Warsaw researchers win IG Nobel award for ice-cream cancer research
Researchers from Warsaw Medical University who discovered that eating ice cream can relieve oral inflammation in cancer patients have won an Ig Nobel award for their work.
Taking first place in the medicine category of the awards, the team found that ice cream can prevent the onset of oral mucositis, a common side effect in people who have undergone preventive chemotherapy.
The side effect can have an extremely negative effect on patients’ quality of life. The mouth, gums and tongue may develop sores, saliva production increases, and swallowing may be difficult.
In extreme cases – especially when combined with nausea and vomiting common with chemotherapy and radiation therapy – eating is almost impossible.
The Warsaw scientists discovered that this could be prevented if patients slowly ate ice cream or popsicles during their melphalan infusions.
The study titled 'Ice-Cream Used as Cryotherapy During High-Dose Melphalan Conditioning Reduces Oral Mucositis After Autologous Hematopoietic Stem Cell Transplantation' was published in the journal Scientific Reports.
“We used ice cream to prevent mucosal damage from the very strong chemotherapy used before the bone marrow transplant,” the scientists wrote.
One of the preventive strategies of oral mucositis is cryotherapy, which is the use of extreme cold to freeze and remove abnormal tissue, usually the sucking of ice chips.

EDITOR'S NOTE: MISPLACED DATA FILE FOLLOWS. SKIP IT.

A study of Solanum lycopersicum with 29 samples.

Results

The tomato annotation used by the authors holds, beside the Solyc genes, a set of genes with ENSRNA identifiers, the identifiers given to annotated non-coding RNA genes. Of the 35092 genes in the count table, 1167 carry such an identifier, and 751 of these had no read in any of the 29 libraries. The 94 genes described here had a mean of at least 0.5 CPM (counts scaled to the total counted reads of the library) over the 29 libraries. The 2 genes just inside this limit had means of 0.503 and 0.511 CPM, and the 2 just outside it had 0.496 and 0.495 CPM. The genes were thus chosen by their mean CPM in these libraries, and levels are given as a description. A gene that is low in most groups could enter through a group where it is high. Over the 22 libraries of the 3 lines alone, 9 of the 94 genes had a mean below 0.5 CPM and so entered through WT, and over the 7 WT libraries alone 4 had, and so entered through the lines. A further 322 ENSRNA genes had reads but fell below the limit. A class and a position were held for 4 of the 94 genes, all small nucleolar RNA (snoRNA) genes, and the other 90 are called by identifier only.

But patients don’t always fully comply with ice cryotherapy as it gets uncomfortably cold.
“We replaced it with ice cream - any ice cream the patient wanted to eat, e.g. Magnum in chocolate or ice cream from Grycan. It turned out that the effect is very similar - only it is much more pleasant.”
The researchers observed that commercially available ice cream can not only prevent oral mucositis during melphalan infusion, but can also be used as a cost-effective, less burdensome, and easy-to-implement method in the prevention of oral mucositis.
The treatment with ice cream is particularly effective with childhood cancers as children tend to respond better when ice is replaced with ice cream.
The Polish scientists compiled data on 74 people, aged 58 on average, who underwent stem cell transplantation as part of cancer therapy.
Only 28.85 per cent of patients who underwent ice cream cryotherapy developed oral mucositis, compared to 59 per cent of those who did not receive cryotherapy.
Every year, the tongue-in-cheek Ig Nobel awards, sometimes called the anti-Nobels, celebrate the most unusual scientific research.
Although the awards are supposed to be funny, the research often has serious applications.
Normally, the Ig Nobel ceremony is held in the Sanders Theatre at Harvard University, but this time, for the third time, because of the pandemic, everything took place online last Thursday evening.
The researchers who received the prize are Marcin Jasiński, Martyna Maciejewska, Michael Górka, Wieslaw Jędrzejczak, Anna Brodziak, Agnieszka Tomaszewska, Kamila Skwierawska, Grzegorz Basak, and Emilian Snarski.
The prizes are an alternate counterpart to the Nobel Prizes. It is awarded by the “Annals of Improbable Research” for scientific works that make you laugh but at the same time make you think.
The winners received cash prizes of $10 trillion from Zimbabwe, the equivalent of about USD 4.